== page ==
I used to think being a godly woman meant getting up early to read my Bible and pray every morning.
The only problem is I don’t process thoughts or words early in the morning, so I’d beat myself up for being distracted and groggy. One day, God interrupted me with this thought: Renee, I made you. I know you are not a morning person. I know you like variety. I created you, so work with Me.
I felt like God was telling me to spend time with Him but not to put so much pressure on myself.
From that point on, my time with God has been more adventurous and enjoyable. Some days I sit with God and read or pray. Other days I go running and listen to my Bible on my iPod. Then I’ll pray and talk to God while I am walking back home.The point is I’m free now to spend time with God in ways that fit my personality, and I love it!
– Renee Swope
Think about your closest friends. Do you have to act like someone you’re not for them to enjoy spending time with you? Of course not. (Or if you do, I am very sorry, because that is not how friendship should work.) They enjoy your company because you’re you, even if they sometimes get annoyed with things about you.
God created you. He knows you very well. And he wants to spend time with you. But if you’re not acting like you and can’t connect with him because of that, that time doesn’t do anyone any good and you may need to reevaluate your methods. Or you might be using methods that worked at one point in your life but do not work now.
Just like there are a plethora of ways to spend time with your friends, there are a plethora of ways to spend time with God. Have a few ideas. Some of these are things I do; some are not. This list is far from exhaustive, and obviously you should take any suggestions with a grain of salt.
- Pick a topic of the year. Or the month. Or the week. Study Bible verses and books about that topic.
- Read through the Bible in a year. You can find lots of schedules online. Or if you like a bit more freedom, I learned from my favorite teacher that reading about three pages a day (or five in a study Bible) will get you through the whole thing in a year. (I’ve tried it; it works. It’s one of the most practically useful things I learned while at college.)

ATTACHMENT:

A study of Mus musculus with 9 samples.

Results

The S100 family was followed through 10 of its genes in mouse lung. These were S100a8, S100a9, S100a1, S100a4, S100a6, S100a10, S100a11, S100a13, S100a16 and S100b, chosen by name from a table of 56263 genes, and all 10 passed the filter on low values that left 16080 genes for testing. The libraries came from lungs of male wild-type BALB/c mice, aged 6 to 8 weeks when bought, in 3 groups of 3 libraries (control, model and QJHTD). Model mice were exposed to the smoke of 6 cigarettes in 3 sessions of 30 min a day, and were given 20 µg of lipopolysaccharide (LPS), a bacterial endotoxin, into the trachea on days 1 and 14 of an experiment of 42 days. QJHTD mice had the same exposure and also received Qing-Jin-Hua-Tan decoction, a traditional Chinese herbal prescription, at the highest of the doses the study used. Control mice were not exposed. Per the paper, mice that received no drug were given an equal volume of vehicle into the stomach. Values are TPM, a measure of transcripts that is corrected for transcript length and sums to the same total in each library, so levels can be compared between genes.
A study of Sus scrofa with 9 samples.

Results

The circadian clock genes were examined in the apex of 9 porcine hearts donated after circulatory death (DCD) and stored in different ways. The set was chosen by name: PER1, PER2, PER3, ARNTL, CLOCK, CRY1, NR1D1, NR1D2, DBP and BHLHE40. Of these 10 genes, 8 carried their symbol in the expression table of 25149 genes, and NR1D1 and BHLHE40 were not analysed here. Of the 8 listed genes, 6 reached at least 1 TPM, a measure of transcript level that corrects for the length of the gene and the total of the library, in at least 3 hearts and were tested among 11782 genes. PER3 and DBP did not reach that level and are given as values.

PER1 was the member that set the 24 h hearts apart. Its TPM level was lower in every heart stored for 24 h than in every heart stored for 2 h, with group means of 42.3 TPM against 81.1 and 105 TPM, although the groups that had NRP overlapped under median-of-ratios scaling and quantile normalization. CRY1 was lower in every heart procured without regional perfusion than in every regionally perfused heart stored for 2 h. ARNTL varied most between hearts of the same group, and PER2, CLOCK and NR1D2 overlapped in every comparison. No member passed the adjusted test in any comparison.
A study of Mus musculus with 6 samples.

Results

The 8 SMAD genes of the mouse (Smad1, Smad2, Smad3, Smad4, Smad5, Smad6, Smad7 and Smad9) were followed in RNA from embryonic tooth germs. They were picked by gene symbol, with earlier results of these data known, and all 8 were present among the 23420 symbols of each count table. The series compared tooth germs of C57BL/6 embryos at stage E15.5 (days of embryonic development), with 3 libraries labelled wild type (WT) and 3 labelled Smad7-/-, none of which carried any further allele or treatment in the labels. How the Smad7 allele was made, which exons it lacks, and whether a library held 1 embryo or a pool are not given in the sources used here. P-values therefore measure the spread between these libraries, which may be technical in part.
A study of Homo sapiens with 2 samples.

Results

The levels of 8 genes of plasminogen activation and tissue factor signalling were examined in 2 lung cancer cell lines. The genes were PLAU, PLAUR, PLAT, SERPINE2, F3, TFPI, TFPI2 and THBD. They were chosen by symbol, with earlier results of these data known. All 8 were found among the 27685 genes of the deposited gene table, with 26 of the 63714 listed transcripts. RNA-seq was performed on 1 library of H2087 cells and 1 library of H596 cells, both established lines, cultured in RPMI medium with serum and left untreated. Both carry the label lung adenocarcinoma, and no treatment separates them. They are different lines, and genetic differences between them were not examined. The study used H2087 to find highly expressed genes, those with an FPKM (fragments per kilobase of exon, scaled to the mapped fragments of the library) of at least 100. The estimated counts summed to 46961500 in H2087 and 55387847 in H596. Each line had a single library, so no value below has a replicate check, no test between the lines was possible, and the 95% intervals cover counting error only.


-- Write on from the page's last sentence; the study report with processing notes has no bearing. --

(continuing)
- Listen to the Bible. While you’re driving. Or exercising. Or cleaning the house. Or coloring.
- Journal your prayers.
- Try a different Bible translation. There are dozens. Have a list. Reading new translations often brings out things you would never have noticed in the one you’re used to. You could even try a different language altogether.
- Read books about God and the Bible. You can tackle things you’ve always intended to read, ask people for suggestions, or just pull books off the library shelf. (Obviously you might encounter some weird stuff doing this, but that can be good, too; sometimes reading about things you disagree with helps you articulate why you believe what you do.) I’ve been reading more of these sorts of books lately, and I’m running out of ideas. This is me asking for suggestions. A few I recommend are: Redigging the Wells by Monroe Hawley, The Screwtape Letters by C. S. Lewis, Having a Mary Heart in a Martha World by Joanna Weaver, and Finding God in Unexpected Places by Philip Yancy.
- Try scripture writing.
- Try some things that people throughout the ages have uses as ways to focus on God, such as fasting or praying at specific times. I read a book called Flunking Sainthood by Jana Riess in which the author described a year where she did just this. I actually didn’t like the book much; the author made some good points, but I thought a lot of it was kind of silly. (Also, a warning if you’re planning on investigating, because it took me completely by surprise and I would have appreciated a warning: there’s some unfortunate language in it.) But if you’re looking for ideas, it might give you a place to start.
- If there’s a Christian college near you, or you can find one that offers classes online, and you have the money and time to make the commitment, take a class on a Bible topic you would like to know more about but don’t feel qualified to study for yourself. I learned a lot in my Bible classes that I would never have discovered for myself, and I also gained tools for understanding the Bible that I might have never learned or might have taken much longer to learn.
- Study with someone else. Ask someone you respect, or a good friend, or someone you would like to know better. Different perspectives can be enlightening.
- Go for a walk and talk to God while you walk.
- Listen to hymns and the like while driving. Singing along is good, too.
- Memorize scripture.
- Try a different time of day for your devotionals.
- Come up with your own ideas and try them out.
Going into this new year, if you feel like you’re stuck in a rut, or if you’ve never been able to stick with ways to spend time with God, try something new. Even if you think you’re doing pretty well, try something new; you may make pleasantly surprising discoveries.